Declare Independence from Public Cloud Storage

As discussed in my last blog post, cloud storage is commonly heralded as the future of data storage. This is due, in large part, to the ability to procure and pay for IT infrastructure resources on demand. The problem is that cloud storage doesn’t provide the levels of control or performance required by mission-critical applications. In honor of the U.S. Independence Day holiday, I’ll explore on-premise alternatives for when you declare independence from public cloud storage.


Traditional Scale-Up Storage

Scale-up storage architectures are the longest standing. These arrays are configured with a fixed number of controllers (typically two). Additional resources, such as disk drives, may be added to the system as capacity requirements increase. Typically, scale-up architectures are ideal for serving point workloads with fairly predictable requirements. They are also typically capable of delivering the fastest levels of performance of per volume performance on fixed workloads. However, workloads are becoming more dynamic and unpredictable while controller compute resources are not upgradeable and become overwhelmed with Input/Output. This results in performance degrading as more capacity is added.

Scale-up storage systems are limited by the maximum levels of drives and performance that the storage controllers can handle. If a system’s limits are exceeded, the controllers either need to be upgraded or a new system must be added for additional compute and storage. Silos of data are created, and multiple systems must be purchased, racked, stacked and managed. Additionally, the balance of compute and storage that was once ideal for the specific workload can quickly become imbalanced. Resources can quickly become over or under provisioned.


Scale-Out Storage

Scale-out architectures emerged to address some of these pain points. In a scale-out approach, resources (including storage capacity) across multiple systems are aggregated into a centralized, shared pool. The pool of resources is no longer bound by the constraints of a singular system. A new system may be deployed to expand capacity or performance. This creates the opportunity for more flexibility, better system utilization, simplified management, and a stronger ability to run multiple workloads in parallel.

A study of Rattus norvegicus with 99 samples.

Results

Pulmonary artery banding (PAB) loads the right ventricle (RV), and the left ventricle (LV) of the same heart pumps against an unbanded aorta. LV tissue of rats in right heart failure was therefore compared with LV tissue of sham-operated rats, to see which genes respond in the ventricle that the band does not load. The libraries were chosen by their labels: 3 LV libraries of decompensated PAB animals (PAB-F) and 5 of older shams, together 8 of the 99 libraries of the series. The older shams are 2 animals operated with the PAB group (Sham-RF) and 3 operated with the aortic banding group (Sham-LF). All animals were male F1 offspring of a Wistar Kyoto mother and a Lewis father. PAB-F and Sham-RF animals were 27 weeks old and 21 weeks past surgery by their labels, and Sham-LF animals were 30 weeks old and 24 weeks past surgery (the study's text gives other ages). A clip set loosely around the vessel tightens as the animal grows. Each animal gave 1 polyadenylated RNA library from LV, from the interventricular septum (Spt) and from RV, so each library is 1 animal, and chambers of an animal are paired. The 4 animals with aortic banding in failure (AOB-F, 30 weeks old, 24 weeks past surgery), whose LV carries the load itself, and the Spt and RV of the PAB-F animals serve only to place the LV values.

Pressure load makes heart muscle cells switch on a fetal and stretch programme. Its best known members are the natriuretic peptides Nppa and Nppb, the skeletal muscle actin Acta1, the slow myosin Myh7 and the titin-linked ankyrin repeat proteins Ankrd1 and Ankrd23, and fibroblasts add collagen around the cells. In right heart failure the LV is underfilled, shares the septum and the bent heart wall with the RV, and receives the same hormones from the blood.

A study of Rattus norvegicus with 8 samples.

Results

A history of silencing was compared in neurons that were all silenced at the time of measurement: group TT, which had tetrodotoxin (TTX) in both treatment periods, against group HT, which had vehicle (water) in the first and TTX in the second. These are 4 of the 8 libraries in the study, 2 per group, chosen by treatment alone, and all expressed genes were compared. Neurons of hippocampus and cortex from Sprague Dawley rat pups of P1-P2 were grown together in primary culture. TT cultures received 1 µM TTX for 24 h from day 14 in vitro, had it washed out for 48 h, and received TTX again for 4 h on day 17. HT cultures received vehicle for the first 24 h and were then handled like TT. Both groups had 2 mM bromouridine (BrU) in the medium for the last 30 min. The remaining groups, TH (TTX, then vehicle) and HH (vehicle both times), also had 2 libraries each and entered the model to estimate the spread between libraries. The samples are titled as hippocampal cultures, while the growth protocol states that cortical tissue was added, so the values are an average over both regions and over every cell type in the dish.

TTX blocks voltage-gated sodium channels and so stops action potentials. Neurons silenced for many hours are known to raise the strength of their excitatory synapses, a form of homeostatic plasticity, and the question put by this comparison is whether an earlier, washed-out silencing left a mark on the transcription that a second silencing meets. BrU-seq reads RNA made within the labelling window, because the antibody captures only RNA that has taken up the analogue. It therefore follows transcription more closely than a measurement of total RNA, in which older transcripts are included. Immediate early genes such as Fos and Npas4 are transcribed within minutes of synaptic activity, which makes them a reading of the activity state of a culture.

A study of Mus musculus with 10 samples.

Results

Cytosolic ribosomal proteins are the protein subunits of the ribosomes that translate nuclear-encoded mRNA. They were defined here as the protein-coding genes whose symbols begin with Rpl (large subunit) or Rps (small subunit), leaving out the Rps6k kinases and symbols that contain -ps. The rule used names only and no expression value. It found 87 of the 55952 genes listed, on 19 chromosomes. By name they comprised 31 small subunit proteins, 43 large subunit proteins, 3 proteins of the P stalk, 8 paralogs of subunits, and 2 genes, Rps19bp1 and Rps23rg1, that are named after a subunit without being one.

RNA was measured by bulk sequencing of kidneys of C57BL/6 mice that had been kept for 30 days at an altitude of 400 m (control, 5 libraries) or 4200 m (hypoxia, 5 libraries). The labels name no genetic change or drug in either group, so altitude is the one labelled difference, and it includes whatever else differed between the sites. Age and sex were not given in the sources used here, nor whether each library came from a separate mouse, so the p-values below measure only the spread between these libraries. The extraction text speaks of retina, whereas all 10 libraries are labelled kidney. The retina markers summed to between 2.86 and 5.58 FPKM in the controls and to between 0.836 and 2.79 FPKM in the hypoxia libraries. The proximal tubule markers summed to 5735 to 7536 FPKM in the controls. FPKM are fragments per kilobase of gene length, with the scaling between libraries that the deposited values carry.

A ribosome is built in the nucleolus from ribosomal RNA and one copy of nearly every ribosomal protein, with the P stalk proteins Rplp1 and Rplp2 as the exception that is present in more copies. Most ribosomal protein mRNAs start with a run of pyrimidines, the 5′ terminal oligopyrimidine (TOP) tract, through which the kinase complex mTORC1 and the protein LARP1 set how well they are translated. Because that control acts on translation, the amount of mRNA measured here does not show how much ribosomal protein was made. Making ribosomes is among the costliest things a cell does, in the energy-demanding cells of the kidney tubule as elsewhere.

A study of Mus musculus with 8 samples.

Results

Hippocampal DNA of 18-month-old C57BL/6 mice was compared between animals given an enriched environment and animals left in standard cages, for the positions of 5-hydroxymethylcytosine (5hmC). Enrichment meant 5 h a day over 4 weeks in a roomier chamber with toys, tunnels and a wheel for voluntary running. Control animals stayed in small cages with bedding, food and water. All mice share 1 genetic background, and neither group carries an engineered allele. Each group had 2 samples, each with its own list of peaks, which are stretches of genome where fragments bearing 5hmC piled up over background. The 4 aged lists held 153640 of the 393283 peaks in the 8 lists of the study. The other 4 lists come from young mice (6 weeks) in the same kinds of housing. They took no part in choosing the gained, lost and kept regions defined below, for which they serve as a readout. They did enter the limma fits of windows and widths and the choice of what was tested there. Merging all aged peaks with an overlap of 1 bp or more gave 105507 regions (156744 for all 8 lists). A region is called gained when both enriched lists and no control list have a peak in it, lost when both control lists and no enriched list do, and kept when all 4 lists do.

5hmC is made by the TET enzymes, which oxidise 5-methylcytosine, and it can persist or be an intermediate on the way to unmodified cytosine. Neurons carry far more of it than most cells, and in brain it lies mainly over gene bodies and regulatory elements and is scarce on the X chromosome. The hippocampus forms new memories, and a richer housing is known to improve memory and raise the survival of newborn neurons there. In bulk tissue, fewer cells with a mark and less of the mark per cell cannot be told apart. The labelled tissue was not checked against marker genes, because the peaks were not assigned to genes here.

The problem with the scale-out approach is that a minimum configuration of three nodes is typically required. This may be more than a particular project requires for a long time (if ever). In a scale-out approach, servers are clustered together so that compute, storage capacity and networking may be pooled. These clusters are typically called nodes. Additionally, performance is impacted by the levels of communication between systems over the network that keep systems in sync. Scale-out storage systems require parallelism to deliver the performance they promise through many workloads using the system or workloads that are innately parallel.


Composable Storage

The concept of composable storage is developing — boosting infrastructure agility and utilization through even more granular and fluid resource allocation. Composable storage virtualizes storage resources into a shared pool, from which resources may be created on demand and automatically, according to application or workload requirements. Composable storage stands to bring the enterprise closer to the resource agility that is inherent in public cloud storage.



The problem with scale-up, scale-out, and composable storage, when it comes to facilitating a cloud storage like model on premises, is that infrastructure still needs to be procured upfront. Composable storage brings the enterprise closer to a highly utilized and agile infrastructure. However, storage professionals should look further for the opportunity to pay on a consumption-based approach, as well.


Discover how composable storage can give you the same flexibility as cloud storage with the dedication of on-premises infrastructure. Download the Storage Switzerland ebook, “Developing a Cloud-Like Experience for Mission-Critical Data”.